Enda McEvoy, of Loam restaurant, in Galway was recently rewarded for his efforts in sustainability with a three-star Food Made Good award from the UK-based Sustainable Restaurant Association (SRA). Loam, which won a Michelin star 10 months after opening in November 2014, is the first independent restaurant in Ireland to receive the accolade.
“We got in touch with the SRA a while back and they carried out quite an intensive assessment of the restaurant and produced a 120-page document, telling us what we could be doing better and putting us in touch with people who could help us to improve. They looked at things such as our buying practices, the species of fish we were using, how we treat our staff, and our impact on the local community. This award is real validation for what we are doing and spurs us on, because we can always do better.”
Among the sustainable practices for which Loam was recognised are the indoor grow boxes that it uses for herbs and flowers for the restaurant, a short menu that minimises food waste, the kitchen’s use of pickling and fermenting when crops are abundant, a commitment to composting, and its participation in food education at local schools.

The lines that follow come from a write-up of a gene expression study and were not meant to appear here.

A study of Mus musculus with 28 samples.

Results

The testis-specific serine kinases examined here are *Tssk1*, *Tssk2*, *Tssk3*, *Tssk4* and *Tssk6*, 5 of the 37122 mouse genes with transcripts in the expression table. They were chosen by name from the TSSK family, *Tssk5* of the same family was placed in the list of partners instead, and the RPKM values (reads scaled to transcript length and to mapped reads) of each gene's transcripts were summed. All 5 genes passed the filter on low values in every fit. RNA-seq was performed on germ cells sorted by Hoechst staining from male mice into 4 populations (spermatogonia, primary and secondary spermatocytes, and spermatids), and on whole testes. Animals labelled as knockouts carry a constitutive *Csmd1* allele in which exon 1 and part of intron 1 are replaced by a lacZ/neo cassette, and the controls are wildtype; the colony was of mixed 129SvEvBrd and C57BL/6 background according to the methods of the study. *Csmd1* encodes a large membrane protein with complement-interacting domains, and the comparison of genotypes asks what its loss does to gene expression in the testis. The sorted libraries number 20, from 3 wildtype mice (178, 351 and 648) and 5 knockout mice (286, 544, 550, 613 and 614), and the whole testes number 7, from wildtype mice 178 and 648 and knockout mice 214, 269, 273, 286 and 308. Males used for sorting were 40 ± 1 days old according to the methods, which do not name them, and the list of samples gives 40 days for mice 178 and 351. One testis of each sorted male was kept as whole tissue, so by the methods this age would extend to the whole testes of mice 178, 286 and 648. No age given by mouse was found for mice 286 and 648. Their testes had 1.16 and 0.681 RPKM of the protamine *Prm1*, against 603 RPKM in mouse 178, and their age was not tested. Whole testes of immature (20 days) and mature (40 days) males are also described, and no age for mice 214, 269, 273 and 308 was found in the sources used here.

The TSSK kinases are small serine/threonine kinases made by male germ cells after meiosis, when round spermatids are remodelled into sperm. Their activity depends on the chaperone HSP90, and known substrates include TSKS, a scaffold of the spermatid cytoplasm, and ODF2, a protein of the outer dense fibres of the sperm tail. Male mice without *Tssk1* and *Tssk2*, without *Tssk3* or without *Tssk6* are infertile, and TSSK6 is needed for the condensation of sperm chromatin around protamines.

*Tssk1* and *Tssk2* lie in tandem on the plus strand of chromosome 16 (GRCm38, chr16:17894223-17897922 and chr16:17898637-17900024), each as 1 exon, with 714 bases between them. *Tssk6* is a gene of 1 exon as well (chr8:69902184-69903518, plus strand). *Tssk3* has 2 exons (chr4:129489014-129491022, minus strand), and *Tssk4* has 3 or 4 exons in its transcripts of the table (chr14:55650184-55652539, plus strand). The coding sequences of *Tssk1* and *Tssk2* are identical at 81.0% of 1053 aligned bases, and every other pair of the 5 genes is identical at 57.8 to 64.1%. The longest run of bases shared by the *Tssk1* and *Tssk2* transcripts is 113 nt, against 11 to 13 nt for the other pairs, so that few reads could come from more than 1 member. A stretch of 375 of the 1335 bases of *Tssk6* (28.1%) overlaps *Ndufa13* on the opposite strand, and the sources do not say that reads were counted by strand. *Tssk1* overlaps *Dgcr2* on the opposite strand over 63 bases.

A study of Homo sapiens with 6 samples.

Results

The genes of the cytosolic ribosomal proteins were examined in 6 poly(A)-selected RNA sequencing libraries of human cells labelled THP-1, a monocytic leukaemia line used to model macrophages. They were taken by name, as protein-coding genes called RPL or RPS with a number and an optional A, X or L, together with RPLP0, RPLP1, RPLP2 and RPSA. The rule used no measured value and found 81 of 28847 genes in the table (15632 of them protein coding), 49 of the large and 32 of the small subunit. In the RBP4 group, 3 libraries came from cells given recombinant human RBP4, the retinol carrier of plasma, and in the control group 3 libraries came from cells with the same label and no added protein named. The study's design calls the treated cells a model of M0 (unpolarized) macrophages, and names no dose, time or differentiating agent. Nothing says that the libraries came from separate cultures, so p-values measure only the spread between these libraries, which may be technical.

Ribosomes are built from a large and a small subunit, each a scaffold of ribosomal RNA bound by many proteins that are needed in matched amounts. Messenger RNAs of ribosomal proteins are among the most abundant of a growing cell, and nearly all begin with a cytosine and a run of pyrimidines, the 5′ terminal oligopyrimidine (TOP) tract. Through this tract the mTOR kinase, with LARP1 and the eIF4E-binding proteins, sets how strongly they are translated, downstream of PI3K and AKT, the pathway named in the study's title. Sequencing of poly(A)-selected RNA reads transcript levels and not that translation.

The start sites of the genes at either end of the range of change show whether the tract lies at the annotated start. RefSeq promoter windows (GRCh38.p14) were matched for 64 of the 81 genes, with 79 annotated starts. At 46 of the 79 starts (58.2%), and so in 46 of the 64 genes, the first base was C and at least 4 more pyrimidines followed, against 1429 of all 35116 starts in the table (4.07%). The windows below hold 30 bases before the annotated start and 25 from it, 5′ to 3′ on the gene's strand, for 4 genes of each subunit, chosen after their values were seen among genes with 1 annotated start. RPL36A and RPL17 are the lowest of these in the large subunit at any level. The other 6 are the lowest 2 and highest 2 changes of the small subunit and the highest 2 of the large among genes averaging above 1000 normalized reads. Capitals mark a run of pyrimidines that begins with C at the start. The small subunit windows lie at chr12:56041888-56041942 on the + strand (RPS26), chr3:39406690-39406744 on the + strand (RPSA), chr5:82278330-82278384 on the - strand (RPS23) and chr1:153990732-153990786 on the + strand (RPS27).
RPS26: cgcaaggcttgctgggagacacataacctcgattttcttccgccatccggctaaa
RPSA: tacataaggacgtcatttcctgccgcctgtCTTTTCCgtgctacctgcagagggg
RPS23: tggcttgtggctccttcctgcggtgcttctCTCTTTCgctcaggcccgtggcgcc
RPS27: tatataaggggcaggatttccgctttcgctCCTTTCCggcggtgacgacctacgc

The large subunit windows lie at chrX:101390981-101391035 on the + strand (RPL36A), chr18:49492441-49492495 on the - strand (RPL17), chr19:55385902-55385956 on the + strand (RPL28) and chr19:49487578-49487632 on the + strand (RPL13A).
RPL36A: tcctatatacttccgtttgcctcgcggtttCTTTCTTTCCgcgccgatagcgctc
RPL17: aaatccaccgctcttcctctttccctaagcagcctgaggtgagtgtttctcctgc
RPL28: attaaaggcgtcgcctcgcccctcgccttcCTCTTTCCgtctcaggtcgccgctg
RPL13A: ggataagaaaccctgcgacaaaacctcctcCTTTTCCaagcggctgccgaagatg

“I believe that it’s the responsibility of every individual to have a low impact lifestyle,” says McEvoy. “We strive to offset the impact that we have on the environment, while maintaining standards of excellence. Waste has always been an issue in restaurants. It’s a sector in which margins are tight.”
McEvoy began his career in Germany in the mid-1990s, where the kitchens in which he worked were practising recycling and composting as a matter of course. “It was a shock when I came back to Ireland” he says. “Nobody was separating rubbish or composting, everything went to landfill. And when food waste rots in landfill it creates methane [a greenhouse gas that accelerates climate change].”
McEvoy says that his insistence on separating and composting at Loam is driven in part by economic factors, as he doesn’t want to have to pay for waste to be taken away as rubbish. Some compostables for the Loam kitchen go to his vegetable growers, Leaf and Root Farm, in nearby Loughrea. He is investigating the installation of a closed-loop system that would enable Loam to do all its composting of vegetable and animal products in-house, producing nutrient-rich pellets that could in turn be used as a soil fertiliser.
When he opened Loam, the chef was clear that he wanted everything – from the food ingredients to the restaurant’s tableware and furniture – to be sourced locally. It’s an approach that he follows in his own home too. Of course, the practices that make sense in a restaurant kitchen because of scale may not be as appropriate in a domestic kitchen, where the quantities of mushrooms stalks are likely to be too small to bother with fermenting them. But McEvoy reckons that there’s a place for sustainable kitchen practice in every home. “In the domestic kitchen, there’s enough waste to make a nutrient-rich compost for a small garden that will grow a few vegetables,” he says. “We all need to be more conscious as shoppers, to ensure that we do not buy too much, that we use up leftovers and make stock from bones.”